Tamil Reviews

Yenda Thalayila Enna Vekkala Review: The Horror Lies In The 90s Style Cringe Comedy


A family dotes on its son who brings home a seemingly handsome pay. The mother hovers over him, the sister requests for expensive gadgets while the father sheds tears of happiness and pride – all before he leaves for work. A few seconds later, it is made known that the youth (Azhar as Praveen) is unemployed, and his family is acutely aware of it.

YTEV wants to be a screwball comedy; it also desperately wants to hitch a ride on the horromedy wagon that was in vogue back in 2014, but unfortunately for it, the genre is not exactly the flavour of the season. But even if it were, YETV would cease to evoke interest after the first couple of frames. It begins much the way last week’s release – yet another horror – Nagesh Thiraiyarangam did.


Just when Praveen is about to get married to the woman he loves, he begins hearing voices. It introduces itself as the God of Death, and assigns him a few challenges a la Blue Whale that he needs to complete in order to save himself. And there begins the horror. The film has him (sexually) assault young women and the elderly, reeking of the 90s movies that specialised in cringe comedy.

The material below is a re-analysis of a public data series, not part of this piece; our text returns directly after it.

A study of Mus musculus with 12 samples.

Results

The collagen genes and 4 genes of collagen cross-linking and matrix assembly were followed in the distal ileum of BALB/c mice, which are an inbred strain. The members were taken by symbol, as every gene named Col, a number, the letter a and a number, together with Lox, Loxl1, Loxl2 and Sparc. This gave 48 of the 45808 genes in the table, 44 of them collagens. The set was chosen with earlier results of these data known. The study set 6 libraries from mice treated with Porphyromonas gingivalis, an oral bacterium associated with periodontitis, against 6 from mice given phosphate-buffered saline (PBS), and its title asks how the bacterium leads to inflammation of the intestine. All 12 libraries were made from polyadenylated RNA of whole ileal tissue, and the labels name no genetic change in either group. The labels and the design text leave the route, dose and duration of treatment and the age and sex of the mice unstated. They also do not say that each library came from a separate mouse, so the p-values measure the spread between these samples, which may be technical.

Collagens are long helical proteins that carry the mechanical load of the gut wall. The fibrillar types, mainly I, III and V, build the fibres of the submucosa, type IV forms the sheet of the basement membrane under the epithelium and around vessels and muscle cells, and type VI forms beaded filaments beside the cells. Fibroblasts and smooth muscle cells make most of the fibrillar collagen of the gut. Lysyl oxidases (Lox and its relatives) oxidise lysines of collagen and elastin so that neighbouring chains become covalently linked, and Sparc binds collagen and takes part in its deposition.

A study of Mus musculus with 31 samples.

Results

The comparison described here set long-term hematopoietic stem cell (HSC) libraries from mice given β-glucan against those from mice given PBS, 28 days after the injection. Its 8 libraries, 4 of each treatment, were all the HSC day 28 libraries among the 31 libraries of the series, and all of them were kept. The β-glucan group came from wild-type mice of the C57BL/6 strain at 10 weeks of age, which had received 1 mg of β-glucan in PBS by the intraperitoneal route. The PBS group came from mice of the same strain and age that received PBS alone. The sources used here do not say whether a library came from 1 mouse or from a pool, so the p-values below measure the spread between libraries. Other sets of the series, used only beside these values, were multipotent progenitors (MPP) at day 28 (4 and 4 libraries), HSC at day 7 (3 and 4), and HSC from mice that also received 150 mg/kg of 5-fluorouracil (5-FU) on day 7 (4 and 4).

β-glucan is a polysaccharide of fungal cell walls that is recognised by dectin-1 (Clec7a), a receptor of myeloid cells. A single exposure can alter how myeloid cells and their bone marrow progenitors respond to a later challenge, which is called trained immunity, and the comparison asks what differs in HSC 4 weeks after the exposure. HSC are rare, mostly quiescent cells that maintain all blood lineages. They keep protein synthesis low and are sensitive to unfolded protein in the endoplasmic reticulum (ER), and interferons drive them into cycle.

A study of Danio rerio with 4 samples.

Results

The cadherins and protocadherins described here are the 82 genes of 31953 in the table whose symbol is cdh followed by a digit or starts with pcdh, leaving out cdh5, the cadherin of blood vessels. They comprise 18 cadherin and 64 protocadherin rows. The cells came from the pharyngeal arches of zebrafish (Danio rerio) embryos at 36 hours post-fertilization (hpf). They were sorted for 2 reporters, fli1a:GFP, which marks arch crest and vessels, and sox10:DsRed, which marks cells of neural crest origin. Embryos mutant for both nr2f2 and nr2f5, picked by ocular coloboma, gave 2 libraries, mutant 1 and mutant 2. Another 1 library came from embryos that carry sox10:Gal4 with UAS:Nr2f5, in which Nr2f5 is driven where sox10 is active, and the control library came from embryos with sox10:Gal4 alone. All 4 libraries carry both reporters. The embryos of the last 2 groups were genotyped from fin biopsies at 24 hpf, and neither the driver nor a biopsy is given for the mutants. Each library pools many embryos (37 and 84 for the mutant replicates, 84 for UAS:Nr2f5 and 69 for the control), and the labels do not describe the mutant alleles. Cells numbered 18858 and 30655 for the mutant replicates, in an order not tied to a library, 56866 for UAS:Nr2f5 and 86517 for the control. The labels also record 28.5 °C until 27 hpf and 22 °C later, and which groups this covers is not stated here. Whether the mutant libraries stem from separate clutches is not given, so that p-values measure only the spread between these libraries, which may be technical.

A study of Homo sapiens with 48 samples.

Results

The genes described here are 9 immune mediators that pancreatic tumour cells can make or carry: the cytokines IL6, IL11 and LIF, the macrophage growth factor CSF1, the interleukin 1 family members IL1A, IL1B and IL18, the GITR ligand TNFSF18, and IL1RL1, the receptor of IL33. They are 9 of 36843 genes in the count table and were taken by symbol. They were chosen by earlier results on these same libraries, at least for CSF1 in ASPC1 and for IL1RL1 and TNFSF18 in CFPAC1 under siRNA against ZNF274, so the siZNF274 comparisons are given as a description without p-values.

Why? Because, his first task is to get slapped by an old woman. It makes for terrible viewing, a vicious ocular assault; trudging through the sequences require special energy, and the rest of the film is filled with questionable plot elements.

But, they work. They work for the rest of the theatre that can’t seem to get enough of the couple who go on live television for some marital counselling. They laugh at the double entendres, the loud, never-ending slapstick sequences, the couple’s domestic troubles that involve paramours, and other threads that try hard to entertain but just end up being plain distasteful.

*****

The Yenda Thalayila Enna Vekkala review is a Silverscreen original article. It was not paid for or commissioned by anyone associated with the movie. Silverscreen.in and its writers do not have any commercial relationship with movies that are reviewed on the site.